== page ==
Providing decent accommodation for smokers is an increasingly important factor for pubs
THE SMOKING BAN has now been in force for over three years, but in its early days few pubs seemed to make much effort to provide covered shelters for smokers. Perhaps they imagined all the smokers would just give up, or that they would be replaced by crowds of antismokers who had previously shunned pubs. But, now that things have settled down, the more enterprising pubs have begun to realise that they need to cater for all their customers, and I’ve noticed quite a lot of investment going on in provision for smokers.
While obviously they are only two examples out of a growing number in the local area, the Railway at Rose Hill now has a very smart elevated, covered area of wooden decking at the rear, while the beer garden at the Armoury in Edgeley, once little more than a patch of grass, now has two substantial separate shelters and bears a distinct resemblance to a grotto. More and more pubs now have a sign outside advertising, amongst other facilities, “Covered, heated smoking patio,” while another proclaims “Plasma Screen TV for smokers” – so it’s becoming an important point of differentiation.
Although undoubtedly the smoking ban has put many smokers off visiting pubs, and made others visit less often, surveys have shown that smokers are still more likely to visit pubs than non-smokers, so it stands to reason that pubs should do what they can within the law to accommodate them. If you are a smoker, it is very clear which pubs extend a welcome to you, and which can’t be bothered, and that is obviously likely to influence where you take your custom, and indeed that of your non-smoking friends as well.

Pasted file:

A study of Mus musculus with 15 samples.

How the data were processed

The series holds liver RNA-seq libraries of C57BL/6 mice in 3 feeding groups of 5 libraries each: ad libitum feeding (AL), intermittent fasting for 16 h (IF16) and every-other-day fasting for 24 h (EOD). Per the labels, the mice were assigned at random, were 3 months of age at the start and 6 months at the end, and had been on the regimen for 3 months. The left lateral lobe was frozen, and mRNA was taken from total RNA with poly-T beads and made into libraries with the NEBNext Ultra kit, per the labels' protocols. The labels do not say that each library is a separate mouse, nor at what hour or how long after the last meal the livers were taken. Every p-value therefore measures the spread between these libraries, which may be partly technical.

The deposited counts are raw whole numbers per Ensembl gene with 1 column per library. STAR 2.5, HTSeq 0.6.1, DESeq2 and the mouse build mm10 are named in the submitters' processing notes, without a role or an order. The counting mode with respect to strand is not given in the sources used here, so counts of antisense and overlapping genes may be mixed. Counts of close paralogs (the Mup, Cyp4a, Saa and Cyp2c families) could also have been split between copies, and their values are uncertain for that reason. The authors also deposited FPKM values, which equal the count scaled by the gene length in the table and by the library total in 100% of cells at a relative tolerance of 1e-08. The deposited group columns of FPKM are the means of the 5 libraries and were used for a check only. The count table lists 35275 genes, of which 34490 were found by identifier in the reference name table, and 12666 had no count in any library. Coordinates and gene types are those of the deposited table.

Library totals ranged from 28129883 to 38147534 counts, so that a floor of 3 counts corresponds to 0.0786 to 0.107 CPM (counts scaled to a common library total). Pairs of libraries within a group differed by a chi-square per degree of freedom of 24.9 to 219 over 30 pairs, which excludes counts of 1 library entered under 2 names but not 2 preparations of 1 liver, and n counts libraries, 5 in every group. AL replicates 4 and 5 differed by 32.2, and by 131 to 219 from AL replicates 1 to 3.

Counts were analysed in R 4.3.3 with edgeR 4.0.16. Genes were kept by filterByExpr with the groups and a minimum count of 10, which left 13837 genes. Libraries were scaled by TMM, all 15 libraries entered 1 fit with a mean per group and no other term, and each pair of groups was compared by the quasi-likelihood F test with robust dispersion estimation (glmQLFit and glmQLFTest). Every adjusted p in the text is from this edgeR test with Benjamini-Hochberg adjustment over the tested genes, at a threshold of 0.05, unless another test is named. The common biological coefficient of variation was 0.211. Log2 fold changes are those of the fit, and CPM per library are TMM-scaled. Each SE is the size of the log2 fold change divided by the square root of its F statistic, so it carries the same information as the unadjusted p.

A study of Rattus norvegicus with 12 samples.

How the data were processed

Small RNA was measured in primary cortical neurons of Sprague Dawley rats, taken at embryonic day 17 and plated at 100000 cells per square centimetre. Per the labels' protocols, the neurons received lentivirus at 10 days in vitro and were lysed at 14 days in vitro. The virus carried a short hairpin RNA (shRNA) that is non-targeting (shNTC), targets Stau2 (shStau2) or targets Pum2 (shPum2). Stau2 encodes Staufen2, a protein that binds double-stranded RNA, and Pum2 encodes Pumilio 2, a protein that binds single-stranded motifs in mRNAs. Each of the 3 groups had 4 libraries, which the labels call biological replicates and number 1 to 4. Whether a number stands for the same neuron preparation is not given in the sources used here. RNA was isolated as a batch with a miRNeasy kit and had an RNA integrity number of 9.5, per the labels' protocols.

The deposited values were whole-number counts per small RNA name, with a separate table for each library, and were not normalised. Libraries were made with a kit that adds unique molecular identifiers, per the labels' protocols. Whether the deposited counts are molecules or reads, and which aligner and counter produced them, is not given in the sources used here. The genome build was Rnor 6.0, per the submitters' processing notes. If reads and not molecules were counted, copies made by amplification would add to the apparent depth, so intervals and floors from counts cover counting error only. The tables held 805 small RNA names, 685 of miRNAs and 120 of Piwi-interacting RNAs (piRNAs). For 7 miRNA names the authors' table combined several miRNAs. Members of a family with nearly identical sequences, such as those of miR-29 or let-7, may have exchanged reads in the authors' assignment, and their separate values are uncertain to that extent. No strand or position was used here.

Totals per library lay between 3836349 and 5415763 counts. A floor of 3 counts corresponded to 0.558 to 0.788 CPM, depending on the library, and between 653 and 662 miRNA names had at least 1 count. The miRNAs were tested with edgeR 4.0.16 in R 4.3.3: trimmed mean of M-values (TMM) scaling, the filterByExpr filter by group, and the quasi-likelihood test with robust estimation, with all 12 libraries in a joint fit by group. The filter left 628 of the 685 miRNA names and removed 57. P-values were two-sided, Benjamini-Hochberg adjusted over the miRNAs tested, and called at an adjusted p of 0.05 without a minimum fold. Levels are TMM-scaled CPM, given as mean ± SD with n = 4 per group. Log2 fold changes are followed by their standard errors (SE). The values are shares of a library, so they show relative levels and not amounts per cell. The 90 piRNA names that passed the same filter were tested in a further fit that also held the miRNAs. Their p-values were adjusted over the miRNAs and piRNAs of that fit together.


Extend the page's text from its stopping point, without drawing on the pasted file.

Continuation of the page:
Marketers are always looking for that key factor which will determine which pub a group will go to, because one or two members will insist they won’t go anywhere that doesn’t have it. In the past, this has often been said of cask beer, but now it’s equally likely you will also hear someone say “I’m not going there, there’s nowhere to have a smoke”.
Problem, What Problem?
Britain doesn’t drink too much, but too often drinks unwisely
IF YOU BELIEVED the media, you could be forgiven for thinking that Britain was in the grip of an unprecedented wave of alcohol-related health problems and disorder, and that consumption was shooting through the roof. Indeed, it’s not uncommon to hear representatives of the anti-drink lobby claiming precisely that. However, once you look at the facts, the reality is entirely different. Average alcohol consumption has been falling steadily year-on-year since 2004, and in 2009 dropped by the sharpest rate since 1948, falling by 6% in a year. We are now drinking 13% less than in 2004, and our alcohol consumption is below the EU average.
It seems that people are really taking all the anti-drink messages to heart and curbing their intake. However, it doesn’t apply evenly across the board – those who wish to be responsible and health-conscious are reducing what is already often a very modest level of consumption, while problem drinkers of all kinds carry on regardless. In the process, drinking becomes increasingly denormalised and seen as something socially unacceptable, which is obviously bad news for the pub trade. Britain’s drink problem – if it has one at all – is not that we consume too much as a society, but that it is distributed too unevenly. What we need are more responsible, regular, moderate drinkers, but sadly the tide of anti-drink hysteria is driving us in the opposite direction.